How to Play the Piano or Keyboard in C and G Position - dummies

How to Play the Piano or Keyboard in C and G Position

By Holly Day, Jerry Kovarksy, Blake Neely, David Pearl, Michael Pilhofer

Position is a common term you hear regarding any musical instrument. Using effective hand positions is vital to playing the keyboard or piano well. From each designated position, you can easily access certain notes, groups of notes, and chords and then move to other positions.

C Position

Many easy piano tunes start at middle C or close to it, so you often find yourself in C position at the beginning of a song. C position simply means placing your right-hand thumb on middle C and your other right-hand fingers on the four successive white keys.

Put another way, RH 1 should be on C and RH 5 on G with the other three fingers in the middle. If the other three aren’t in the middle, something very unusual is going on with your fingers.


With your right hand in C position, which is sometimes also called first position, play the melody of “Frere Jacques,” playing one note at a time. It may be helpful to just imagine the moves your fingers will make as you listen to Track 23 a couple times before you attempt to play along.


Be sure to observe the numbers above the notes. These numbers, called fingerings, tell you which finger to use for each note. Most players appreciate fingerings because they indicate the best possible finger pattern for executing the notes. Of course, you may invent other custom fingerings. For now, though, try the helpful fingerings.

Try another song that uses C position. In “Ode to Joy,” the melody begins on RH 3, travels up to RH 5, and then dips all the way down to RH 1. Beethoven, the composer of this piece, was a pianist, so no doubt he knew just how well this melody would play under the fingers.


As you can probably imagine, not all melodies use only five notes. Eventually, you must come out of your safe little shell of five white keys, make a move, and extend certain fingers up or down. The following information guides you through extensions from basic C position.

Thumbing a ride to B

From C position, your thumb can extend down to B. As you play B with your thumb, you simply leave your other fingers exactly where they are.

To play “Skip to my Lou,” simply move your thumb one key to the left in measure 3 to play the B.


Good stretch, pinky!

From C position, RH 5 (right pinky) can reach up one key to the right to play A. In the campfire classic “Kumbaya,” you anticipate the extension up to A by shifting fingers 2 through 5 to the right from the very start. Notice this shift in the fingerings: Instead of playing D with RH 2, you play E with RH 2, but keep your thumb on middle C.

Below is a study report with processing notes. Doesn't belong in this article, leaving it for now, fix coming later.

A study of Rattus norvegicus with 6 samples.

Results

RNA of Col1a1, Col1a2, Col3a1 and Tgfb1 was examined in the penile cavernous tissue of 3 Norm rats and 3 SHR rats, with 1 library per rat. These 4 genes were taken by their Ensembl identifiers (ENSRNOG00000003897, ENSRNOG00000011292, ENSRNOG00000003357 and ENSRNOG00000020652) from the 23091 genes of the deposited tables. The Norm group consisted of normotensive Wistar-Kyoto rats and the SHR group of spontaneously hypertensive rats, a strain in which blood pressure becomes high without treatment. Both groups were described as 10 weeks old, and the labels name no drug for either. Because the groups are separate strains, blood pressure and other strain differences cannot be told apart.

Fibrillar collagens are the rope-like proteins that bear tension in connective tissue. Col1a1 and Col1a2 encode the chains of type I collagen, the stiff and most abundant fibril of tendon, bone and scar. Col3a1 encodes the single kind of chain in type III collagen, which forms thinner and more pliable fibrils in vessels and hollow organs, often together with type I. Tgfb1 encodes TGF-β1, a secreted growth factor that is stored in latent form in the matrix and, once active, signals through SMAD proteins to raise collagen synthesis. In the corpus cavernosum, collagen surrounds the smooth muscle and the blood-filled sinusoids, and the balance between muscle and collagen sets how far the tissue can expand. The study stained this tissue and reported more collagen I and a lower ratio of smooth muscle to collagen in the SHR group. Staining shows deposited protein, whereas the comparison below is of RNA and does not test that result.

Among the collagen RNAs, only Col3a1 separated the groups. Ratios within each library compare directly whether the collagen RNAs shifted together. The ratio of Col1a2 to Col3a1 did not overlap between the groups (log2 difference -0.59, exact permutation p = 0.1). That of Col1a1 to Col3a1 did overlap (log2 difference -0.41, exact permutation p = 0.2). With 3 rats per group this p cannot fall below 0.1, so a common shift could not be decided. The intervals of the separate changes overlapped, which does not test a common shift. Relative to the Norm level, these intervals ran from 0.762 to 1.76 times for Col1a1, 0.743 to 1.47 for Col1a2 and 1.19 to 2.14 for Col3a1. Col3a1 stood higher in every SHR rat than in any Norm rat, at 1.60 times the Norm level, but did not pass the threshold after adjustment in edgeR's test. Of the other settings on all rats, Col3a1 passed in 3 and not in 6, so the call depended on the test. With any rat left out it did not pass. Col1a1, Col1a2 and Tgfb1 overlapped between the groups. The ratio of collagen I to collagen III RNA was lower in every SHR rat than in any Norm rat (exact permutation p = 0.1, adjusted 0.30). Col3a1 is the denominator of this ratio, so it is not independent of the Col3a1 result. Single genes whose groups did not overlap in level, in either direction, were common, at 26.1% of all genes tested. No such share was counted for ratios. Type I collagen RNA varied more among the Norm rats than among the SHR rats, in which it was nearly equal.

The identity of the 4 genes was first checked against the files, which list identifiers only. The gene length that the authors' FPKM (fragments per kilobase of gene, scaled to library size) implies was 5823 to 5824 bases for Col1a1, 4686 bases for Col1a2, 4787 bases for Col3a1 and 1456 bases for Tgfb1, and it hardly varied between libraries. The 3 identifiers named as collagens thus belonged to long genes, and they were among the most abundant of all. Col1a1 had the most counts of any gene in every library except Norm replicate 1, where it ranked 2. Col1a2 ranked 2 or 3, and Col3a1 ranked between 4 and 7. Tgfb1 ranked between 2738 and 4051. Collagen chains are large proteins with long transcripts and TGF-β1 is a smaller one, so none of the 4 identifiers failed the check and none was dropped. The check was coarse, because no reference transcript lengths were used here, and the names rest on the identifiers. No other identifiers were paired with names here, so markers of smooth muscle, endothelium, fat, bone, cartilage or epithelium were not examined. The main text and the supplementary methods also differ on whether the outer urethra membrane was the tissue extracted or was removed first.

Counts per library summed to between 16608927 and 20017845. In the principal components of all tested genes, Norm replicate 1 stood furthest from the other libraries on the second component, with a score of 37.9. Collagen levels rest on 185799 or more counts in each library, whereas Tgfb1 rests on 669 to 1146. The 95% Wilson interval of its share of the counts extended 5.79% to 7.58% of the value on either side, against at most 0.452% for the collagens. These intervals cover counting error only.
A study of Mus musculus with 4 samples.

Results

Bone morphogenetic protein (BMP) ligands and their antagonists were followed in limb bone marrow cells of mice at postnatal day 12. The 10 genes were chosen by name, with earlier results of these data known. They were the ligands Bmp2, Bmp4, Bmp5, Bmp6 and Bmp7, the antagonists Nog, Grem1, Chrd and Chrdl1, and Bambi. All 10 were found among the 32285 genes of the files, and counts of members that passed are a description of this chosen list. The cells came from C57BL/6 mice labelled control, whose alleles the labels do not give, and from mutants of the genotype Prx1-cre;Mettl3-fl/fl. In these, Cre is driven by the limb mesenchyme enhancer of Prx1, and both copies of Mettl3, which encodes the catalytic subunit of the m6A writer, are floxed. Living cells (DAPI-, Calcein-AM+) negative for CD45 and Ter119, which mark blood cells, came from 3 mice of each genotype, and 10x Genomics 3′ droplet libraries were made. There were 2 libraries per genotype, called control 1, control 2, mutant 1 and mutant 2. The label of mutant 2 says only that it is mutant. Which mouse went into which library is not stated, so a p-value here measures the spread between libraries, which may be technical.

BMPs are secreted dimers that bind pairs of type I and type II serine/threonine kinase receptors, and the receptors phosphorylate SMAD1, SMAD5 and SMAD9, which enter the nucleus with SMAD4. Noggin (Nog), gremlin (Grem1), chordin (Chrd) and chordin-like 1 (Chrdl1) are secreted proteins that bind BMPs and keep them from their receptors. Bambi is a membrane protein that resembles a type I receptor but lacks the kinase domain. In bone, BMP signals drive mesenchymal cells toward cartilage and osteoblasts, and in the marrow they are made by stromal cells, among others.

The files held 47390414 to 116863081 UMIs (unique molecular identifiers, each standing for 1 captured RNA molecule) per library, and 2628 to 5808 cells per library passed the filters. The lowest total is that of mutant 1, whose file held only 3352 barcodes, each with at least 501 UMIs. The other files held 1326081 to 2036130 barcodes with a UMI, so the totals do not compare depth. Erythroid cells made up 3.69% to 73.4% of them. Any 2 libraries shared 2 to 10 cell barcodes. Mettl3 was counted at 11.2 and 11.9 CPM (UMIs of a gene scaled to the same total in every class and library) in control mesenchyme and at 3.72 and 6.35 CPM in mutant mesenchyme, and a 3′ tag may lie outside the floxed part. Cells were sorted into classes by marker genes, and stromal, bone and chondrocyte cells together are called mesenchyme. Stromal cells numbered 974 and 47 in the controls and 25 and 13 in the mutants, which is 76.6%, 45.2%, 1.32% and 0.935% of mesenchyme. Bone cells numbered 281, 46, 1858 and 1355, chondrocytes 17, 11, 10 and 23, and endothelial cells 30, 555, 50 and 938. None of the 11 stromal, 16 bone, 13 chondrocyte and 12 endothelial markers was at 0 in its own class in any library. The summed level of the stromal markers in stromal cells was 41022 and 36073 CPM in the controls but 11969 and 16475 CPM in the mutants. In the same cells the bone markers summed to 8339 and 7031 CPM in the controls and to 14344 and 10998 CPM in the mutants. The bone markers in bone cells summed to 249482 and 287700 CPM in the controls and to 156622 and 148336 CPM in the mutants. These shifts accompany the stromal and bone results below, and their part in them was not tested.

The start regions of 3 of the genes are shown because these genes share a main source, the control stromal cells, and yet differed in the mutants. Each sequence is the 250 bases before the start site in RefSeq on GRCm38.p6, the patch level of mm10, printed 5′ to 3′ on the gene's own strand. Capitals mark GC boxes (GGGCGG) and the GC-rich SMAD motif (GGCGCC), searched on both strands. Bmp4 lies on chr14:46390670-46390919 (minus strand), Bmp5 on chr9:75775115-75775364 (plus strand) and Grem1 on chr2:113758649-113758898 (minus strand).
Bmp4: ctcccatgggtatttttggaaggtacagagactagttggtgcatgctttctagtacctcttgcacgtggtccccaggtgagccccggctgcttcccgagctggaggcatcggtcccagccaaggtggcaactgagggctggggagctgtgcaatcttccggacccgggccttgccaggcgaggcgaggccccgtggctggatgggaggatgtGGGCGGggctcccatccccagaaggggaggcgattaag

Note: “Kumbaya” begins with a two-beat pickup.


Don’t take the word stretch too literally. You don’t want to injure yourself. It’s quite alright to allow RH 1 through 4 to move toward RH 5 as you reach up to play A.

Stretching C position to the limits

In many songs that begin from C position, you shift your fingers or extend RH 5 and RH 1 to play all the melody notes. “Chiapanecas” is one such song. Using the music, try to play this Latin American song as it was meant to be heard: hot and spicy.


Check the time signature before you start playing. You don’t want to be thinking “1, 2, 3, 4” if the song is in 3/4 time. And, by the way, “Chiapanecas” is in 3/4 time.

G position

To get into G position, move your right hand up the keyboard so that RH 1 rests on G. (This is the same G occupied by RH 5 in C position.) Check out this new position as well as the staff notes you play in it. Notice that RH 5 now rests all the way up on D.


The melody to “Little Bo-Peep” fits easily in G position. Give it a whirl.


Just like in C position, in G position you can extend RH 5 and RH 1 east and west to access E and F, respectively. Try out this extended G position by playing “This Old Man.” Watch the fingering in this song and shift your fingers where appropriate.


Shifting your hand position as you play

Knowing two positions, C and G, is great, but you really only get five or six notes in each position. Shifting your hand to different positions in the same song allows you to play a few more notes. To do this, you just need a bit of planning and practice. One strategy is to simply make good use of a rest in the music to make a move.

For example, here you play the first two measures in G position. During the rest on beat 4 of measure 2, you can move your hand down and get ready to play G in measure 3 with RH 5 — you’ve just shifted to C position.